Become dirty in the dust of their feet. How so? When a Torah scholar enters the city, do not say: I don’t need him. Instead, go to him. And do not sit next to him on a bed, or on a chair, or on a bench. Rather, sit before him on the ground, and accept upon yourself every word that comes from his mouth with fear and reverence, trembling and sweating, just as our forefathers accepted what they heard at Mount Sinai with fear and reverence, trembling and sweating.
Another explanation: Become dirty in the dust of their feet: This refers to Rabbi Eliezer; And drink in their words thirstily: This refers to Rabbi Akiva.
What were the origins of Rabbi Akiva? They say that he was forty years old and had still not learned anything. Once, he was standing at the mouth of a well and he said: Who carved a hole in this stone? They said to him: It is from the water, which constantly [falls] on it, day after day. And they said: Akiva, don't you know this from the verse (Job 14:19), “Water erodes stones”? Rabbi Akiva immediately applied this, all the more so, to himself. He said: If something soft can carve something hard, then all the more so, the words of Torah, which are like steel, can engrave themselves on my heart, which is but flesh and blood. He immediately went to start studying Torah. He went with his son and they sat down by the schoolteachers. He said to one: Rabbi, teach me Torah! He then took hold of one end of the tablet, and his son took hold of the other end. The teacher wrote down aleph and beit for him, and he learned them (aleph to tav, and he learned them; the book of Leviticus, and he learned it). And he went on studying until he learned the whole Torah. Then he went and sat before Rabbi Eliezer and Rabbi Joshua. My masters, he said, open up the sense of the Mishnah to me. When they told him one law, he went off and sat down to work it out for himself. (This aleph – what was it written for? That beit – what was it written for?) Why was this thing said? He kept coming back, and kept asking them, until he reduced his teachers to silence. Rabbi Shimon ben Elazar said: I will give you a parable to tell you what this was like: Like a stonecutter who was hacking away at the mountains. One time he took his pickaxe in his hand, and went and sat on top of the mountain, and began to chip small stones away from it. Some people came by and asked him: What are you doing? He said to them: I am going to uproot the mountain and throw it into the Jordan! They said to him: You cannot uproot the entire mountain! But he kept hacking away, until he came to a big boulder. So he wedged himself underneath it, pried it loose, and threw it into the Jordan. And he said to it: Your place is not here, but there! This is what Rabbi Akiva did to Rabbi Eliezer and Rabbi Tarfon. Rabbi Tarfon said to him: Akiva, it is about you that the verse says (Job 28:11), “He stops up the streams so that hidden things may be brought to light.” For Rabbi Akiva has brought to light things which are kept hidden from human beings.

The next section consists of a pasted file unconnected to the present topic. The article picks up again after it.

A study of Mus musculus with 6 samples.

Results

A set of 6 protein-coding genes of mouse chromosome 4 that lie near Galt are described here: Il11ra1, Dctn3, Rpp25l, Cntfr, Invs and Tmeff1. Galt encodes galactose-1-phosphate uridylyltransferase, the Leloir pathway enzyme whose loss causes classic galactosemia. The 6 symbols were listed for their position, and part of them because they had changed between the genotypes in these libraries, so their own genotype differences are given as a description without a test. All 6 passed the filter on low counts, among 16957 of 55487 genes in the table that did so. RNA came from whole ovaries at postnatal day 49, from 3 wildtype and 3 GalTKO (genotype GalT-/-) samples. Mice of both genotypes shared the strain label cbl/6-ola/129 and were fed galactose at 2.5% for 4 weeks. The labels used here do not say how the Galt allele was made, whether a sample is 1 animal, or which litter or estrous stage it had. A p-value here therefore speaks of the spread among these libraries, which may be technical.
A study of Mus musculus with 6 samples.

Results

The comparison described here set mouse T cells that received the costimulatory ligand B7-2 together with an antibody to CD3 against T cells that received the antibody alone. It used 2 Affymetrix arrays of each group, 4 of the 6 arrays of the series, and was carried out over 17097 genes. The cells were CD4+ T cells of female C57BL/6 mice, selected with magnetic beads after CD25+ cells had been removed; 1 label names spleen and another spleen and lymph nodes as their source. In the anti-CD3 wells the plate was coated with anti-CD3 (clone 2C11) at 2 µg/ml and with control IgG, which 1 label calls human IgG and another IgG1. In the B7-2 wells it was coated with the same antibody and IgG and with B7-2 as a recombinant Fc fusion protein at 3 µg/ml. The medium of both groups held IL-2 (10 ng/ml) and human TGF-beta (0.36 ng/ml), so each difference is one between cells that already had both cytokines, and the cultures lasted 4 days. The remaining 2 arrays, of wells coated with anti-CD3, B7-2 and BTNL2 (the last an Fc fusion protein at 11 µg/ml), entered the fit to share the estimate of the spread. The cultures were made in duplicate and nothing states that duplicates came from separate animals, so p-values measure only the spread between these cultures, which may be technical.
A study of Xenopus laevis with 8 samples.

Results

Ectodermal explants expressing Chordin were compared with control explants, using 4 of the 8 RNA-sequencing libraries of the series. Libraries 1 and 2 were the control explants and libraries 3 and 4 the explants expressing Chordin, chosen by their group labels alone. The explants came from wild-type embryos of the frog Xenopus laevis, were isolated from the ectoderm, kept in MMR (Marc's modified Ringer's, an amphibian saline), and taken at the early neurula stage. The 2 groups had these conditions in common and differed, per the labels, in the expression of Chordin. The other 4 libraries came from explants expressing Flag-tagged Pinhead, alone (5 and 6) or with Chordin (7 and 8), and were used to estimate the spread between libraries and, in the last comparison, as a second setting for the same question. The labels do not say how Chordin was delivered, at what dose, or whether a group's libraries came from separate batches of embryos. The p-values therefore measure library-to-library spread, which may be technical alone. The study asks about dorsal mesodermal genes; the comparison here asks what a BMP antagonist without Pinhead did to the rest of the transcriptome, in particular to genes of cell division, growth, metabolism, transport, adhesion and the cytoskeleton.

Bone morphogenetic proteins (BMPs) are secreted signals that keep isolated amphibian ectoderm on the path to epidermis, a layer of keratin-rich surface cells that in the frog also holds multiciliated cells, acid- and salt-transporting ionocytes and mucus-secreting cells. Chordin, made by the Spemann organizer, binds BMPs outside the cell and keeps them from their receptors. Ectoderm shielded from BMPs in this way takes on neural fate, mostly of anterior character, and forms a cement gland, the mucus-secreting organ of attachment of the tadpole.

Every day, he would bring a bundle of sticks, half of which he would sell to support himself and half he would use for kindling. His neighbors came and said to him: Akiva, you are choking us with all this smoke. Sell it all to us instead, and then buy oil with the money, and study by the light of a candle. He said to them: But I take care of many of my needs with it. I study [by its light]. I warm myself [by its fire]. And then I can [make it into a bed and] sleep on it.
All the poor will one day be judged against Rabbi Akiva, for if one says to them: Why did you never study? [And they say: Because] we were poor! then we will say to them: But wasn’t Rabbi Akiva even poorer, completely impoverished? [And if they say: It is because of our babies, we will say: But didn’t Rabbi Akiva] have sons and daughters as well? (But they will say: It is because) he merited to have his wife Rachel [to help him].
He was forty years old when he went to study Torah, and after thirteen years, he was teaching Torah to the masses. It was said that he did not leave the world until he had tables full of silver and gold, and he could go up to his bed on golden ladders. His wife would go out in a fancy gown and with golden jewelry with an engraving of Jerusalem on it. His students said: Rabbi, you are embarrassing us with what you have done for her. He said to them: She suffered greatly with me for the sake of Torah.